Scientists Have Made the Thinnest Lens Ever at Just 3 Atoms Thick

A scientific diagram shows a nanophotonic structure emitting a red light. Insets display spectra and efficiency curves at 13K and 294K, illustrating differences in performance at various temperatures, with wavelength (nm) on the x-axis and intensity/efficiency on the y-axis.

Scientists have created the thinnest optical lens ever made for camera systems. At just three atoms thick, the researchers believe it will be especially useful for future wearables like the now defunct Google Glass or Meta’s RayBan smart glasses.

Update 6/6: This story has been updated with a clarification that there are metalenses in current consumer devices. A prior version stated that metalens technology had not yet been adopted in real-world, commercially-available devices. Metalenz, a technology company focused on the development of metalenses, says there are tens of millions of metalenses in current consumer products, although precise details about who is using them and for what is protected information.

This flat lens, which was published to the Nano Letters journal, otherwise known as a metalens or metasurface, is absurdly thin: 0.0000006 millimeters, or 0.6 nanometers, thick; the height of three atoms. As explained by Phys, the researchers from the University of Amsterdam and Stanford University used a different technique to develop this lens compared to traditional optics.

Typically, curved glass is used to bend and refract light when it enters an array and again when it exits, making objects appear closer than they are. But in recent years, scientists have experimented with meta surfaces as a replacement for these traditional glass optics to address the main issue with them: they tend to be quite large. Right now, camera makers are restricted by physics: multiple glass elements take up space and in smartphones and on wearables, space is at a premium.

Metalenses are flat surfaces that are designed to replace full-size optics with a wholly different method. Instead of curved optics, they reduce the aforementioned multiple glass optical systems by compressing them into a much smaller system that bends light using nanoparticles and metasurfaces.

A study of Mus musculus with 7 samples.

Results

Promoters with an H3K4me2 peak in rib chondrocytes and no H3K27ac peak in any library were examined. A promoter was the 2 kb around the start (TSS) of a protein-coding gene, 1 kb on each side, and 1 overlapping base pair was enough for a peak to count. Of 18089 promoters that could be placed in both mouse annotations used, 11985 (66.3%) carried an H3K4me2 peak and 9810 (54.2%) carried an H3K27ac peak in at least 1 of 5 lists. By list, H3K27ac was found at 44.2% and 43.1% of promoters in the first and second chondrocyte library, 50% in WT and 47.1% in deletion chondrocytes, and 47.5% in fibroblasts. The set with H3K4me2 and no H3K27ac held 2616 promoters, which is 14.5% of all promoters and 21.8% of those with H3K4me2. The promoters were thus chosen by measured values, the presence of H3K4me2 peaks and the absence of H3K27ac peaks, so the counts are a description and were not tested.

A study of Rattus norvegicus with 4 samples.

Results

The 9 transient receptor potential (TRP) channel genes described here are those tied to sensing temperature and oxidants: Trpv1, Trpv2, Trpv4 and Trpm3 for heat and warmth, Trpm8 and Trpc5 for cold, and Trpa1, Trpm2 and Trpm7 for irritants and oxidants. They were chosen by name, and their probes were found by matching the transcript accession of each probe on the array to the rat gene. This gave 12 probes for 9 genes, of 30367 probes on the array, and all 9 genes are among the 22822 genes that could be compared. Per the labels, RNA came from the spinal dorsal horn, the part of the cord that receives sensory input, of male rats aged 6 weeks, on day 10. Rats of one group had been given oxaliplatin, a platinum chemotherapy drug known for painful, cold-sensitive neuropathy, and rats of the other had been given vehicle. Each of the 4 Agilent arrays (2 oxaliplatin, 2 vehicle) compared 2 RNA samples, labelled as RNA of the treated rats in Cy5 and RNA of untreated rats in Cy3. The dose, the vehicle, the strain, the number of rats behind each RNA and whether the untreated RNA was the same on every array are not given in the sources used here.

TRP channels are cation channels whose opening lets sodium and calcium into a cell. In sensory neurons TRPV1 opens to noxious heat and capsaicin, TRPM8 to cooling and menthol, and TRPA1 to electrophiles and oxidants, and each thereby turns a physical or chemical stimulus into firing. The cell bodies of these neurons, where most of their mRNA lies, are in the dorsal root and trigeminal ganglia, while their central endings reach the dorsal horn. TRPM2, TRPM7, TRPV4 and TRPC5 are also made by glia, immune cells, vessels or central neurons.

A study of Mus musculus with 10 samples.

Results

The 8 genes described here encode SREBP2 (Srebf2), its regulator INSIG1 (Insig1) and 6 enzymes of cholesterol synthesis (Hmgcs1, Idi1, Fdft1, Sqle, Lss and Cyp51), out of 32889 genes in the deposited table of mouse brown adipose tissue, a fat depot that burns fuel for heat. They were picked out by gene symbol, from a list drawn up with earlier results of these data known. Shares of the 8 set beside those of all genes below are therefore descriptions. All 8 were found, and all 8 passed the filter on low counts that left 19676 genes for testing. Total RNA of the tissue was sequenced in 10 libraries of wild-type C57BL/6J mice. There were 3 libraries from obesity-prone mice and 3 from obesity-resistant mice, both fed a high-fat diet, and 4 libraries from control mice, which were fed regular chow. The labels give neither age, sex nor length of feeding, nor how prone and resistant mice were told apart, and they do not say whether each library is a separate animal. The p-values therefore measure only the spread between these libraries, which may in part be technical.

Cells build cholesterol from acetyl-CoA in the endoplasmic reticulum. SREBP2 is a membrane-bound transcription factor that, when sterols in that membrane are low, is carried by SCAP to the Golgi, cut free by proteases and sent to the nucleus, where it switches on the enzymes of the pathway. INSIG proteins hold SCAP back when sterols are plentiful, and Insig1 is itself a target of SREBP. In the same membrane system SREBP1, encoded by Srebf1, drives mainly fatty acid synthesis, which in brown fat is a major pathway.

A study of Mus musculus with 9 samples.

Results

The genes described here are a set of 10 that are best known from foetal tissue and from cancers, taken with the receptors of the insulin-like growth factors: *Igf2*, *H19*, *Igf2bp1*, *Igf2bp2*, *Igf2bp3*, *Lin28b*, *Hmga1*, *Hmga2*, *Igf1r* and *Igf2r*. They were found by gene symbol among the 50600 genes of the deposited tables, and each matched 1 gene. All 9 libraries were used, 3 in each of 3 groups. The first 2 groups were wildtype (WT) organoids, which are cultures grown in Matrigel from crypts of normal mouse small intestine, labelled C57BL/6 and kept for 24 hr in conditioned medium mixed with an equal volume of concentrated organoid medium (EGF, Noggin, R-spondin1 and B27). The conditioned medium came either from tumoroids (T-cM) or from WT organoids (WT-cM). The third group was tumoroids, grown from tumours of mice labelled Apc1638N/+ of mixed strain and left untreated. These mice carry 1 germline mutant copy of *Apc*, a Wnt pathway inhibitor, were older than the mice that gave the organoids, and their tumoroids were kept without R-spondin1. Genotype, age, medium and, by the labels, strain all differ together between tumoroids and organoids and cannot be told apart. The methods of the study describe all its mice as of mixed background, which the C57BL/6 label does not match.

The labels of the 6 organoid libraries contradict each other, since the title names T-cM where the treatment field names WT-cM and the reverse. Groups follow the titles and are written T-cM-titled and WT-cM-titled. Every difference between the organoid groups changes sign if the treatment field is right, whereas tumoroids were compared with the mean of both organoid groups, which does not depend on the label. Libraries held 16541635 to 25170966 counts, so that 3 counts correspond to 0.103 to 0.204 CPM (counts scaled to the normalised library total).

These types of flat lenses have not made it into consumer imaging products yet but researchers continue to push the boundaries of what is possible with the concept. In this case, the researchers used a unique material called tungsten disulfide. Instead of a curved glass lens, this metalens uses concentric rings of tungsten disulfide with gaps in between, which is the same concept that is used with Fresnel lenses — they focus light using diffraction instead of refraction.

Sheet of metalenses being held by gloved hands
A 12-inch wafer made using standard semiconductor processes contains thousands of Metalenz metasurface optics. | Metalenz

The focusing efficiency of this super-thin lens relies on quantum effects within tungsten disulfide, allowing the material to absorb and re-emit light at specific wavelengths, Phys explains.

The scientists are especially excited about another unique feature of this metalens: when light passes through it, it makes a bright focal point and most of the light is unaffected. That may sound like a disadvantage, but there is a way to take advantage of this.

“The lens can be used in applications where the view through the lens should not be disturbed, but a small part of the light can be tapped to collect information. This makes it perfect for wearable glasses such as for augmented reality,” explains Jorik van de Groep, one of the researchers and authors of the paper.

Multiple companies are working on metalenses, including a company entirely devoted to it, Metalenz, and Canon. It is a significant area of focus, and the continued shrinking of optical devices has huge implications for current and future consumer technology devices.

Image credits: ‘Temperature-Dependent Excitonic Light Manipulation with Atomically Thin Optical Elements’ by Guarneri, Li, Bauer, Song, Saunders, Liu, Brongersma, and van de Groep.